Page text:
This covers objects outside the Solar System; Nebulae, Galaxies, and Star Clusters. There are a large number of these, so I have divided this page into three. Click on the image to go to the relevent page.
Charles Messier (1730-1817) was a keen searcher for commets and he made a list of 103 fuzzy objects which looked like commets but did not move like commets. For him, objects to avoid. In 1786 Pierre Mechain added 6 more and there are now 110 entries in the catalogue. However, one of them (no. 40) seems to be a double star. All the others have entries in the NGC catalogue (see below) but are more usually known by their M numbers. They also represent the brighter objects so are popular subjects for amateur imagers. The list includes all kinds of objects, nebulae, galaxies, clusters, and even a super-nova remanent.
The New General Catalogue of Nebulae and Clusters of Stars,
or the NGC catalogue as it is more usually known, is not so new. It was compiled in 1888 by Johan Ludvig Emil Dreyer and originally contained about 8000 objects. He extended it in 1895 and 1908 with his first and second Index Catalogues.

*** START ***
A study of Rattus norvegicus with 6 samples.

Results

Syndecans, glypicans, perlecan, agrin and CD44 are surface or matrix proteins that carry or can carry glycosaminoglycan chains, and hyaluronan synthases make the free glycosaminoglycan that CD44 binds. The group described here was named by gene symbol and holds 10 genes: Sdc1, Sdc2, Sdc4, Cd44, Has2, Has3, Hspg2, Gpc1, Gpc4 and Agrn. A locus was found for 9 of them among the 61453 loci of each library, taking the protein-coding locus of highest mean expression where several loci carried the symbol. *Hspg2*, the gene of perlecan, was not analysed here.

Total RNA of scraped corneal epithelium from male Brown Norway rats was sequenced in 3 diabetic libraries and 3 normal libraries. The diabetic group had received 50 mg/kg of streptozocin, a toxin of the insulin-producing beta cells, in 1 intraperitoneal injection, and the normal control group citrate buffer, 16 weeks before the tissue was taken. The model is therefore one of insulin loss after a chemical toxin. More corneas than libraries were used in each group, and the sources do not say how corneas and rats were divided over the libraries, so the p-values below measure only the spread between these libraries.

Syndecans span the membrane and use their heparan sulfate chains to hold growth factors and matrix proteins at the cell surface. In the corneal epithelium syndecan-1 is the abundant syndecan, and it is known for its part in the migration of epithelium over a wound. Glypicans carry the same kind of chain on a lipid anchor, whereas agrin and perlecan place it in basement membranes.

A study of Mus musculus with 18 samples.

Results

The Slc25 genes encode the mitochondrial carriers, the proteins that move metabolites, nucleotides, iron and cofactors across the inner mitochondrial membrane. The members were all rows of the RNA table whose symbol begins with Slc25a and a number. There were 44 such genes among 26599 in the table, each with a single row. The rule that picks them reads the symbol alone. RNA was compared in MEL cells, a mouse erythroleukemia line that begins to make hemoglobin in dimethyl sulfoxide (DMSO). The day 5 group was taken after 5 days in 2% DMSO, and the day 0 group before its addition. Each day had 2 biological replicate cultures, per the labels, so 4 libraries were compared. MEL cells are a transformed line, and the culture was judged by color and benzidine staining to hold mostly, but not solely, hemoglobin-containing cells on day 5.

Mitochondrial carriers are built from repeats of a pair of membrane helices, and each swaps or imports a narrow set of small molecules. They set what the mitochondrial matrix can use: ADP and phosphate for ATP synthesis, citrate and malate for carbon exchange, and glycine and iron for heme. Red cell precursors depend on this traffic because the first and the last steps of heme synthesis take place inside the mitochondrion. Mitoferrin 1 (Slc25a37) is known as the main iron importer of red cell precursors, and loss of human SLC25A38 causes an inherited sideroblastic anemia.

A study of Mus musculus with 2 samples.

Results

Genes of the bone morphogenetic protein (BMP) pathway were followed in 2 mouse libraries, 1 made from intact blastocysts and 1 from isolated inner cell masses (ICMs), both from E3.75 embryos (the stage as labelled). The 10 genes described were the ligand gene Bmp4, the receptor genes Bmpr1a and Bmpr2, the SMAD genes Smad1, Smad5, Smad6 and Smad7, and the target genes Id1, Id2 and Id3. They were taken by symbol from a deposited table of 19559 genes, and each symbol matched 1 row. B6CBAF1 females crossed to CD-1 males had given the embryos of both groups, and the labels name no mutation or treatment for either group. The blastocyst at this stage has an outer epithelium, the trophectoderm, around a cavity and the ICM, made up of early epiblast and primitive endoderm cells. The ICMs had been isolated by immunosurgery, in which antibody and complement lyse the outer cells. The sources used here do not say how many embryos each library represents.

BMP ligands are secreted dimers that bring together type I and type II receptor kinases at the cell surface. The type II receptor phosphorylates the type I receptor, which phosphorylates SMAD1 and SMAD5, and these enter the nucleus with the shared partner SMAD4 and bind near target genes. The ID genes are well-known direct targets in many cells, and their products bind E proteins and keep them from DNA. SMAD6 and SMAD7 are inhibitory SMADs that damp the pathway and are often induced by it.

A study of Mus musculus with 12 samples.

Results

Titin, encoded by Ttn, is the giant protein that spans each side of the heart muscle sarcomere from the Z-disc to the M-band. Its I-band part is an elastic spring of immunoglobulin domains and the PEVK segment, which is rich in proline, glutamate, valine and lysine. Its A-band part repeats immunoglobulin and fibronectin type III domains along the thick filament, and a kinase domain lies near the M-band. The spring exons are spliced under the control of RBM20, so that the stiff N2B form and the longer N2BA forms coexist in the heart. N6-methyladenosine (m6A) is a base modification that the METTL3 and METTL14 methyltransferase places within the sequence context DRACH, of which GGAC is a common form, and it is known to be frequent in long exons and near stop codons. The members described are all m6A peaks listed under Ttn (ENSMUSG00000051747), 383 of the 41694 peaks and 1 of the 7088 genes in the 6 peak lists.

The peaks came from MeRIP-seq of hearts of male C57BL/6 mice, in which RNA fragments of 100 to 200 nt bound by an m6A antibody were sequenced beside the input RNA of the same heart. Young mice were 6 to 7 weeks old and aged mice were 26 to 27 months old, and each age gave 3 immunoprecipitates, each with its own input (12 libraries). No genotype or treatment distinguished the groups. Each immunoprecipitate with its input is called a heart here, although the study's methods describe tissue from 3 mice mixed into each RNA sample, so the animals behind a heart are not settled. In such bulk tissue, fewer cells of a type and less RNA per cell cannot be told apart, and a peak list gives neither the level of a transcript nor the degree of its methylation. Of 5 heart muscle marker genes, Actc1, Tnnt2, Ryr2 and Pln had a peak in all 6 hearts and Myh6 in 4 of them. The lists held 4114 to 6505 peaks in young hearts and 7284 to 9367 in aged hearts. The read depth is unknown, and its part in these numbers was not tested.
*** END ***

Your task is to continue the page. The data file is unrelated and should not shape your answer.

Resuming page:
There are several other catalogues of objects other than stars. I have menioned the Index Catalogues (IC) above. There is also Barnard's Catalogue of dark nebulae (B), and a number of other, specialised catalogues.
There is also the Caldwell catalogue, which includes the brighter objects not included in Messier's catalogue
This covers objects outside the Solar System; Nebulae, Galaxies, and Star Clusters.
There are a large number of these, so I have divided this page into three. Click on the image to go to the relevent page.